DES MOINES, IOWA (January 11, 2021) — Small-business job growth continued in December, but the gains remain uneven as certain sectors of the economy are slowing due to state-mandated restrictions and consumer resistance to spend, according to NFIB’s monthly jobs report.
“Iowa Small business owners are open and eager to hire Iowans, even in the midst of an economic and health pandemic that has hurt struggling entrepreneurs across the state,” said National Federation of Independent Business (NFIB) State Director in Iowa, Matt Everson. “The good news is that Iowa is open for business. We ended the 2020 budget year with a surplus of more than $300 million thanks to the leadership of the Iowa House, Senate, and Governor Kim Reynolds. Now we look forward to the 2021 legislative session, which starts on Monday. One of our top issues will be Iowa’s burdensome tax code, specifically income-tax rates.”
NFIB in Iowa’s other top priorities include medical-malpractice reform, property-tax reform, and preserving Iowa’s rural small-businesses by eliminating Iowa’s inheritance tax.
Small businesses increased employment by 0.3 workers per firm on average over the past few months, an increase of 0.14 workers per firm compared to November’s reading.
Owners are still looking to hire as they reported a historically high level of job openings in December. Thirty-two percent (seasonally adjusted) of owners reported job openings they could not fill in the current period, down 2 points from November. Twenty-seven percent have openings for skilled workers and 11% have openings for unskilled labor.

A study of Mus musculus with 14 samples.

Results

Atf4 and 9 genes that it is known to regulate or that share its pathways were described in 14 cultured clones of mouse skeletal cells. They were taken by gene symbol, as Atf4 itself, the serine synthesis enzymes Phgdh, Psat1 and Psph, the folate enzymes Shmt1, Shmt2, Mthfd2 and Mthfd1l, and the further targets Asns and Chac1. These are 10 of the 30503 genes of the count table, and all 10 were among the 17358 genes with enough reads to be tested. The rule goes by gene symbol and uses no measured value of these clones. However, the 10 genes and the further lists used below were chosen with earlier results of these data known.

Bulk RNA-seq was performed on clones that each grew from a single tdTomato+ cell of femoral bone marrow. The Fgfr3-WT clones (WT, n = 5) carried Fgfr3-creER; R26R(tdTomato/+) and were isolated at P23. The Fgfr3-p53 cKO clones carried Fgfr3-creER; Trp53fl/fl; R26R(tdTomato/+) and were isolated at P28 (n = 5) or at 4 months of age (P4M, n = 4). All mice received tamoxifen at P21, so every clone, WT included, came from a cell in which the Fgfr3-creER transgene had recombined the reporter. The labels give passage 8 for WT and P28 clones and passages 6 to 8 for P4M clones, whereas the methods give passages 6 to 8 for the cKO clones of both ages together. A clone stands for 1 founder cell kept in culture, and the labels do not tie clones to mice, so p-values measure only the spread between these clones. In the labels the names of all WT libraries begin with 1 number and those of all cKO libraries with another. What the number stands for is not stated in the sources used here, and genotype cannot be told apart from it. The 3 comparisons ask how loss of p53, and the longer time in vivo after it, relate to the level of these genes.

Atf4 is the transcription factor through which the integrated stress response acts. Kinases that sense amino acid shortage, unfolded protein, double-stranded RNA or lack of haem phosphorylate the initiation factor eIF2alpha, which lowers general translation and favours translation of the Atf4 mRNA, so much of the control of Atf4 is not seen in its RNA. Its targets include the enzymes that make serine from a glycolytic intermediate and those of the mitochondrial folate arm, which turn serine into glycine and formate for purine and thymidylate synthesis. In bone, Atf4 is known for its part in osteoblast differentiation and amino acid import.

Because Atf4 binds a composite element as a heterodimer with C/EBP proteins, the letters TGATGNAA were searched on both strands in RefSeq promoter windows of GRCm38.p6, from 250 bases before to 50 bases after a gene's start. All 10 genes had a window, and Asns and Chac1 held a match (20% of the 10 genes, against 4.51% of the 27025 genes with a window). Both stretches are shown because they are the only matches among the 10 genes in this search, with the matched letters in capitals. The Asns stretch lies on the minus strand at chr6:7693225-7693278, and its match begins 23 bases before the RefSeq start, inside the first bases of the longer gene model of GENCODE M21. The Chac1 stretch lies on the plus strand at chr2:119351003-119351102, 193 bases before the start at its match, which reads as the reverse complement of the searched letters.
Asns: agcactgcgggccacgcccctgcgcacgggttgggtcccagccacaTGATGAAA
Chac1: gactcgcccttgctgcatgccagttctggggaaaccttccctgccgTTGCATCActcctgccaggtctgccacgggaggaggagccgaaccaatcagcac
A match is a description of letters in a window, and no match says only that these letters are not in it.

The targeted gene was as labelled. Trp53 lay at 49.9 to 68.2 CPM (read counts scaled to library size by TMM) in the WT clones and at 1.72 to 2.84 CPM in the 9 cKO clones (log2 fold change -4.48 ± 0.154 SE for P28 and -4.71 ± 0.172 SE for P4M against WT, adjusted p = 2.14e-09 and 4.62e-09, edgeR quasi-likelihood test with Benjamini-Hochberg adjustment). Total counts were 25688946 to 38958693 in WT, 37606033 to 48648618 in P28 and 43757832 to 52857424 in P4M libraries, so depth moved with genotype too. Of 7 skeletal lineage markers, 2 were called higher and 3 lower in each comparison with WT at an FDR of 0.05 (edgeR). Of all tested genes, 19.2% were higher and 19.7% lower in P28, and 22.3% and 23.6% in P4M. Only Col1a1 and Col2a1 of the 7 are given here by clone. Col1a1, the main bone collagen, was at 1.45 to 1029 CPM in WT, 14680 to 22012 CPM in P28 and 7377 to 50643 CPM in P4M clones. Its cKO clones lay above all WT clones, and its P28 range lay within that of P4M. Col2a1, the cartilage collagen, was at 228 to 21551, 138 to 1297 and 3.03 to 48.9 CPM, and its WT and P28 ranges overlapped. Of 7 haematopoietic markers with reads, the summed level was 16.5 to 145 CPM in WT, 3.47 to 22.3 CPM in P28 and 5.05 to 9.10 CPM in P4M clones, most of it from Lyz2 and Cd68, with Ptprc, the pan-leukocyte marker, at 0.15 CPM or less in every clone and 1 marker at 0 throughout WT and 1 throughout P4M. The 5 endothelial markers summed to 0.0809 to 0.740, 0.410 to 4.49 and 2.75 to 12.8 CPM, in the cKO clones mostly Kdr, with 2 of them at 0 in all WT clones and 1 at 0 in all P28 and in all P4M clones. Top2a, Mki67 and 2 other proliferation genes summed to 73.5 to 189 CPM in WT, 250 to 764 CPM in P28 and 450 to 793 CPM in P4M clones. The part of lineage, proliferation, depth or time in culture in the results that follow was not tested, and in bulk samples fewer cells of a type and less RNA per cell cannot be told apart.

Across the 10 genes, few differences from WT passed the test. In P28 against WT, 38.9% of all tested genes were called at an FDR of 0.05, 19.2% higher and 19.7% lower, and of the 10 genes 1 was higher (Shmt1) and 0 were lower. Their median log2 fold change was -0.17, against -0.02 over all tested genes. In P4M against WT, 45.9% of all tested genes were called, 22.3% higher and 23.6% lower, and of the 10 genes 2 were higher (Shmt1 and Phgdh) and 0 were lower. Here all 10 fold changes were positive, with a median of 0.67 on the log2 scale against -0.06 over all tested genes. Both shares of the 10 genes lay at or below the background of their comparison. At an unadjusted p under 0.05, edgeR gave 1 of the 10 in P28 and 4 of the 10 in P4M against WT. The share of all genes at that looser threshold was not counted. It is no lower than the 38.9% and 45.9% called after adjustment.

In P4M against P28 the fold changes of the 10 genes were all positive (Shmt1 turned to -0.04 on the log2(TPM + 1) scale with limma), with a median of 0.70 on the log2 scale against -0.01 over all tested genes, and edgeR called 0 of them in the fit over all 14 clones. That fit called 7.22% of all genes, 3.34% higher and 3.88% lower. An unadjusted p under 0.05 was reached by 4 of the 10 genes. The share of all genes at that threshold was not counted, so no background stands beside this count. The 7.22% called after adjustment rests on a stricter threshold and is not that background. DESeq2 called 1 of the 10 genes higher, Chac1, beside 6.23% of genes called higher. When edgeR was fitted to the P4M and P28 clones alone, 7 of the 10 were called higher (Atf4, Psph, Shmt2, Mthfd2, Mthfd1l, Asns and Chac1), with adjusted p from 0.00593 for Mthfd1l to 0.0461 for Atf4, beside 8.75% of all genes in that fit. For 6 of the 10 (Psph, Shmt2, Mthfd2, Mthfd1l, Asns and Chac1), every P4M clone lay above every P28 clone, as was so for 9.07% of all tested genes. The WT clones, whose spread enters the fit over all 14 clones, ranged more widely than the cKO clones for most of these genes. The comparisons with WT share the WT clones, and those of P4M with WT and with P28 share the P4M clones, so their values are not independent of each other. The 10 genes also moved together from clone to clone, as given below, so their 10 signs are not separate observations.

Small-business employers plan to fill their open positions with a net 17% (seasonally-adjusted) reporting they are planning to create new jobs in the next three months, a historically strong reading. Overall, 54% reported hiring or trying to hire in December.
However, many owners are having trouble finding qualified employees for their open positions. Eighty-nine percent of those hiring or trying to hire reported few or no qualified applicants for the positions they were trying to fill in December. Down one point from November, 26% of owners reported few qualified applicants for their open positions, and 22% reported none (up two points).
Forty-seven percent of the job openings in the construction industry are for skilled workers. Fifty-nine percent of construction firms reported few or no qualified applicants and 33% cited the shortage of qualified labor as their top business problem.
A net 21% (seasonally adjusted) reported raising compensation and a net 14% plan to do so in the coming months. Six percent of owners cited labor costs as their top business problem and 21% said that labor quality was their top business problem.
For more than 75 years, NFIB has been advocating on behalf of America’s small- and independent-business owners, both in Washington DC and in all 50 state capitals. NFIB is non-profit, non-partisan, and member-driven. Since our founding in 1943, NFIB has been exclusively dedicated to small and independent businesses, and remains so today. For more information, please visit nfib.com.